The Australian Army is slated to shift its focus to the littorals after announcing last week several major changes, which include the redeploying a sizable portion of soldiers and equipment across the country and optimizing several brigades for littoral and amphibious missions.
“These changes will deliver world-class, relevant and credible combat capabilities that are focused and optimized for operating in the littoral environments of our region, on land, at sea and in the air,” said Acting Chief of Army Maj. Gen. Richard Vagg.
The Australian Department of Defence announced these changes in response to the 2023 Defence Strategic Review, which was written to address the changing strategic environment across the Indo-Pacific. The review found that the Australian Defence Force’s current structure and capabilities were “not fully fit” for addressing the nation’s security concerns.
The DSR recommended it to be “optimized for littoral operations in our northern land and maritime spaces and provide a long-range strike capability.” Aside from reducing the procurement of infantry fighting vehicles and self-propelled howitzers, some of the top recommendations for the Australian Army were to speed up the procurement and increase the quantity of HIMARS, land-based maritime Strike systems and amphibious vessels.
Last week’s announcement highlighted significant changes to the mission sets of the 1st, 7th and 3rd multirole combat brigades, which will become more specialized.
The 1st Brigade will be transformed into a light combat brigade, which will allow it to be “light, agile and quick to deploy in the littoral environment” and “support land-based long-range fires.” While Australia has ordered HIMARS, under LAND 4100 Phase 2 the Australian Army is looking to procure a land-based maritime strike capability. Contenders for the program include StrikeMaster, a Naval Strike Missile (NSM)–armed Bushmaster – similar in concept to the U.S. Marine Corps NMESIS – and long-range antiship missiles (LRASMs) surface launched from HIMARS.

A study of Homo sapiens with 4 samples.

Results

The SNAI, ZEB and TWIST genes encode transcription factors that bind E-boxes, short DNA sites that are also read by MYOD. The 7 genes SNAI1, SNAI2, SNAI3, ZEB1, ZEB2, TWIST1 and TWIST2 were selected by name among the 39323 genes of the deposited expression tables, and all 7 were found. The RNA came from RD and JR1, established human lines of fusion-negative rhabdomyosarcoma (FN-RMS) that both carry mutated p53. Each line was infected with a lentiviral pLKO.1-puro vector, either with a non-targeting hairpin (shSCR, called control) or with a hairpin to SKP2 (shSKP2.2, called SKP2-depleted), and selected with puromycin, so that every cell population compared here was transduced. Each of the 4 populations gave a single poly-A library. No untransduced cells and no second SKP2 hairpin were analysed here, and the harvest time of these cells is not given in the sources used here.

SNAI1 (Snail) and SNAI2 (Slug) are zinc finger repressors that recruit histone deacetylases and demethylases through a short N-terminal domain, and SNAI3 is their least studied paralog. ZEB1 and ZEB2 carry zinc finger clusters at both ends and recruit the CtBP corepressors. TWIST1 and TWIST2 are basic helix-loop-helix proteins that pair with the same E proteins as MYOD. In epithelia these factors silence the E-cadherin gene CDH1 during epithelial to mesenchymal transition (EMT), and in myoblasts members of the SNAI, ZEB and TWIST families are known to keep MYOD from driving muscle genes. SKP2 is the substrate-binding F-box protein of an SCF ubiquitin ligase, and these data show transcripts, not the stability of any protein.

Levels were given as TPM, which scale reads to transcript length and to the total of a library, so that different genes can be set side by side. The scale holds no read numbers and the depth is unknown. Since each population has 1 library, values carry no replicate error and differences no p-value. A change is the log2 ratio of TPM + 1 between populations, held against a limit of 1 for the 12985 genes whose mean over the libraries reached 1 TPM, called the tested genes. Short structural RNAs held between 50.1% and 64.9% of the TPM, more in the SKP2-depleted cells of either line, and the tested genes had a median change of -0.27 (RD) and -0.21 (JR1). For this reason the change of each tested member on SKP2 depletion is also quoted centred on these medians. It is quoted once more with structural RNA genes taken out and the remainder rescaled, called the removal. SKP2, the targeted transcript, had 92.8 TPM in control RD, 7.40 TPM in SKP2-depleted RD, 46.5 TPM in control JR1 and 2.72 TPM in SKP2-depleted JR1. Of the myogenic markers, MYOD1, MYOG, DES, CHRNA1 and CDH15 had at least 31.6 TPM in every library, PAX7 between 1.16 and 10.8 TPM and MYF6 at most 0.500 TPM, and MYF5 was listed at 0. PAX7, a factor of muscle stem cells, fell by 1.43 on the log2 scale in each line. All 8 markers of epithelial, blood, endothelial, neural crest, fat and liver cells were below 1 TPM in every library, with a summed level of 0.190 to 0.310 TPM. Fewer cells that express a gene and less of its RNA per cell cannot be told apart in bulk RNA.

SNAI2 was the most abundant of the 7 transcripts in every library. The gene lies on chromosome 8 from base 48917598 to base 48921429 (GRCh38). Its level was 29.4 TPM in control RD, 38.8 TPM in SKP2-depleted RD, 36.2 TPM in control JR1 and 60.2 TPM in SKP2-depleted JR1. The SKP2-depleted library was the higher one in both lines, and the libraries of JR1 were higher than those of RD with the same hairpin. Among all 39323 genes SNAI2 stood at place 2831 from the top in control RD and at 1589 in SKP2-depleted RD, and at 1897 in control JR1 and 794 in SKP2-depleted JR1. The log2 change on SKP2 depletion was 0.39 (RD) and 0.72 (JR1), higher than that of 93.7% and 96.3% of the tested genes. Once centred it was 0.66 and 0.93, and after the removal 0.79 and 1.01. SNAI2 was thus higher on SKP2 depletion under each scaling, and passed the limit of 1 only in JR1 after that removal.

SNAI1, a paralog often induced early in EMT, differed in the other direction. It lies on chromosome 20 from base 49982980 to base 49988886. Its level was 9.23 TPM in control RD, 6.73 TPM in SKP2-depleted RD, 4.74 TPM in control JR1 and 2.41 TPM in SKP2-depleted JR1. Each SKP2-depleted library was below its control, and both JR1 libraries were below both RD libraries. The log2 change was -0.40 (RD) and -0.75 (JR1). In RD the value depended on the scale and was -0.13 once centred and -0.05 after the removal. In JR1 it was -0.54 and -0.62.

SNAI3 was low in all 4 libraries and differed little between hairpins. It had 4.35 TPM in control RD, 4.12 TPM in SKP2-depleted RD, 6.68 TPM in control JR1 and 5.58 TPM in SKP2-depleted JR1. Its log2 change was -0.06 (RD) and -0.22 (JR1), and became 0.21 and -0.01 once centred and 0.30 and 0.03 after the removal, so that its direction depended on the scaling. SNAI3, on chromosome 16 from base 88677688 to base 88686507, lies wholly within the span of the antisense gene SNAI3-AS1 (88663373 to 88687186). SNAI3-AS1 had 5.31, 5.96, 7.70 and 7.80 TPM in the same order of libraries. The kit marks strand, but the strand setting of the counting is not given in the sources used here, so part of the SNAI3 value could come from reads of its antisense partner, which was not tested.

The 7th and 3rd will become motorized and armored combat brigades, respectively. However, like 1st Brigade, the two also will focus on littoral and amphibious operations. To address these littoral missions, brand-new littoral lift groups are also slated to be created and collocated with the brigades in their respective basing locations. Littoral lift groups will host Army Littoral Manoeuvre Vessels, including both landing craft medium and heavy, which will be procured in Phases 1 and 2 LAND 8710. In July during the 33rd Australia-U.S. Ministerial Consultations, U.S. Secretary of Defense Lloyd Austin announced that the U.S. Army will begin deploying watercraft to Australia, describing the move as “critical” for logistical missions between the two countries.
At the moment, 2nd Battalion, Royal Australian Regiment, is Australia’s premier and only amphibious-focused unit. With the changes announced last week, all three of the Australian Army’s active brigades will have either littoral or amphibious focuses.
“Our Army has always played a vital role in the defence of our nation and will continue to do so as it adapts to the challenges of our times,” Richard Marles, Australian Minister for Defence stated in a press release.
Last month, Australian troops deployed to the Philippines via HMAS Canberra for Exercise Alon, the first-ever bilateral amphibious exercise between the Philippines and Australia. The exercise culminated with an amphibious drill on Luzon, which saw Australian troops hit the beach with an M1A1 Abrams tank. Australian troops also deployed to Indonesia, where they participated in Super Garuda Shield 2023. This year’s U.S.-Indonesian–led military exercise involved almost 5,000 troops and observers from 19 different countries.
These changes come amid Canberra’s increased focus on defense and cooperation in the face of a changing security environment around Australia and across the Indo-Pacific, specifically regarding China and its actions in the region, with one 2022 incident involving a Chinese warship reportedly harassing a Royal Australian Air Force P-8A Poseidon with a laser. One of Australia’s more well-known efforts in strengthening its deterrence is AUKUS – a trilateral pact between Australia, the United Kingdom and the United States, which aims to deliver nuclear submarines to the Royal Australian Navy by the 2030s.